Is your cell phone trying to kill you?
Some studies link cell phone use to health risks
- By Greg Crowe
- Feb 19, 2010
Over the last decade, pretty much everyone got a cell phone. And in that time, every couple of years or so, the debate is raised over whether the little buggers are trying to kill us.
Sure, anyone who dodges swerving SUVs during the morning commute knows how dangerous cell-yakking drivers can be. But what we are talking about here is the electromagnetic radiation that our cell phones emit, and whether it has potential to increase certain health risks. A widely-cited 2008 study links cancers of the parotid gland (one of the salivary glands, located right behind the ear somewhere) to cell-phone use.
You’d think that would settle it, but no. Many claim that this study is only so much panic-mongering, and that the results are skewed to show a correlation. So we go on using our cell phones, trying not to think about the possible consequences. Then more and more studies come out suggesting a connection between use of cell phones and various maladies, and you have to wonder – is my cell phone killing me?
We could take the argument of some proponents of other potentially life-threatening items, rephrasing the question to, "Is my cell phone killing me faster that anything else out there is killing me?" I mean, if we are all going to be hit by a bus tomorrow (that would be an interesting news day to be sure), why bother? But those who want to bother might ask themselves what they could do to minimize their risk.
Well, the first thing we could do is not use our cell phones so much. I know, right? What are we, a bunch of Amish Luddites? (Boy, that has got to be boring, being an Amish Luddite. Not much smashing of technology to do, really.) But most studies say that going from constant use to occasional use can drop our cancer odds down to those of a cell phone non-user, if such a person even exists anymore.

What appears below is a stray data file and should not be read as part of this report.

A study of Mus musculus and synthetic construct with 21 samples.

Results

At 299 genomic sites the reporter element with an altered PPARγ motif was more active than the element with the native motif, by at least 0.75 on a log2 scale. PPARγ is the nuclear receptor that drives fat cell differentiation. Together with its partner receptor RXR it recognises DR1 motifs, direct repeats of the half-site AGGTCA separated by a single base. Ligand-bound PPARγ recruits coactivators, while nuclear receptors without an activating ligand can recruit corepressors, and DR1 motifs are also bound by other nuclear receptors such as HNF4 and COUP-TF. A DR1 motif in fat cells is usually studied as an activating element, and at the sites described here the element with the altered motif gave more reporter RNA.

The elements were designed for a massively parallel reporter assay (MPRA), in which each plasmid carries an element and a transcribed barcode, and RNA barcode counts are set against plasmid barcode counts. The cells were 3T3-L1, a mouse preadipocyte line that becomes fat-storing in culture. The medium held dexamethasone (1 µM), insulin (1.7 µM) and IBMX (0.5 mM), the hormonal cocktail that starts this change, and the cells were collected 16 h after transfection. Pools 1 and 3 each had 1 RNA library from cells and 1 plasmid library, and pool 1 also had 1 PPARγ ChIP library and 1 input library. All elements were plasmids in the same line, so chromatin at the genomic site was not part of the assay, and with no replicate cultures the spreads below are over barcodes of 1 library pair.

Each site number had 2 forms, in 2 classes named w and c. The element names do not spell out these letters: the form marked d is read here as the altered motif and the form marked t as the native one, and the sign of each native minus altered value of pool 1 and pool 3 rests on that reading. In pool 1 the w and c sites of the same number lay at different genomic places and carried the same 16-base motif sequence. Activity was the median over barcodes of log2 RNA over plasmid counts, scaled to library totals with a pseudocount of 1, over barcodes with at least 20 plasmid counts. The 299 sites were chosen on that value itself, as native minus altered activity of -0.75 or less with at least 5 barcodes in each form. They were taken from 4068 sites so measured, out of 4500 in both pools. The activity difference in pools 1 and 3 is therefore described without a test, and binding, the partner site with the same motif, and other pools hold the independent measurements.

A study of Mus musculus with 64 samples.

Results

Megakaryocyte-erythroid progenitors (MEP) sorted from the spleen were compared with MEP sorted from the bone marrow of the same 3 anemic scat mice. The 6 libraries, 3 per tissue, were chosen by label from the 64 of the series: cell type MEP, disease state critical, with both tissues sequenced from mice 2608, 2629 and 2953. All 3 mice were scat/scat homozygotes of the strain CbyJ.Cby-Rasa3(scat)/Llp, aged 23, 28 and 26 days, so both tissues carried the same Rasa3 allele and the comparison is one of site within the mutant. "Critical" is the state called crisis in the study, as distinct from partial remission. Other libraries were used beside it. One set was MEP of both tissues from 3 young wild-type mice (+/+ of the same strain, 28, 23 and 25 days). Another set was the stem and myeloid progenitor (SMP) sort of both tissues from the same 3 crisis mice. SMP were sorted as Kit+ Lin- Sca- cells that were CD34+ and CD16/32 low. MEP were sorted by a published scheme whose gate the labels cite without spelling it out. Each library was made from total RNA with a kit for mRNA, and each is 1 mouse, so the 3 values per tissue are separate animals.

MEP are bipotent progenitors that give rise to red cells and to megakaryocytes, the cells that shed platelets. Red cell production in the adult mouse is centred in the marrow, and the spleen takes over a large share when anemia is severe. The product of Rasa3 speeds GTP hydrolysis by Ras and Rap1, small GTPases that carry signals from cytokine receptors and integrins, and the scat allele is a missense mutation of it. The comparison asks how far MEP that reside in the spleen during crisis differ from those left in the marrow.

The next thing is to avoid using your cell phone in situations where it might need to increase its output of radiation. For instance, when you are in a building, a car, or far away from the nearest cell tower, your phone has to kick into high-radiation mode in order to boost the signal. OK, this might be somewhat doable. If we’re in a building, we should be able to use a land line at least some of the time. And if we are in our car, we probably shouldn’t be using our cell phones anyway, right?
Some experts also recommend texting instead of regular phone conversations. This makes sense, since when you text you are holding the phone out some distance away from your face, as opposed to right up against the side of your head. Of course, texting is more dangerous for other reasons in certain situations. And some text exchanges can go on for days that would have taken five minutes talking on the phone. I’m sure we’ve all been there.
I guess it boils down to whether we care enough about health risks to put down our precious cell phones once in a while. The answer to that is like the results of most scientific studies – time will tell.
Greg Crowe is a former GCN staff writer who covered mobile technology.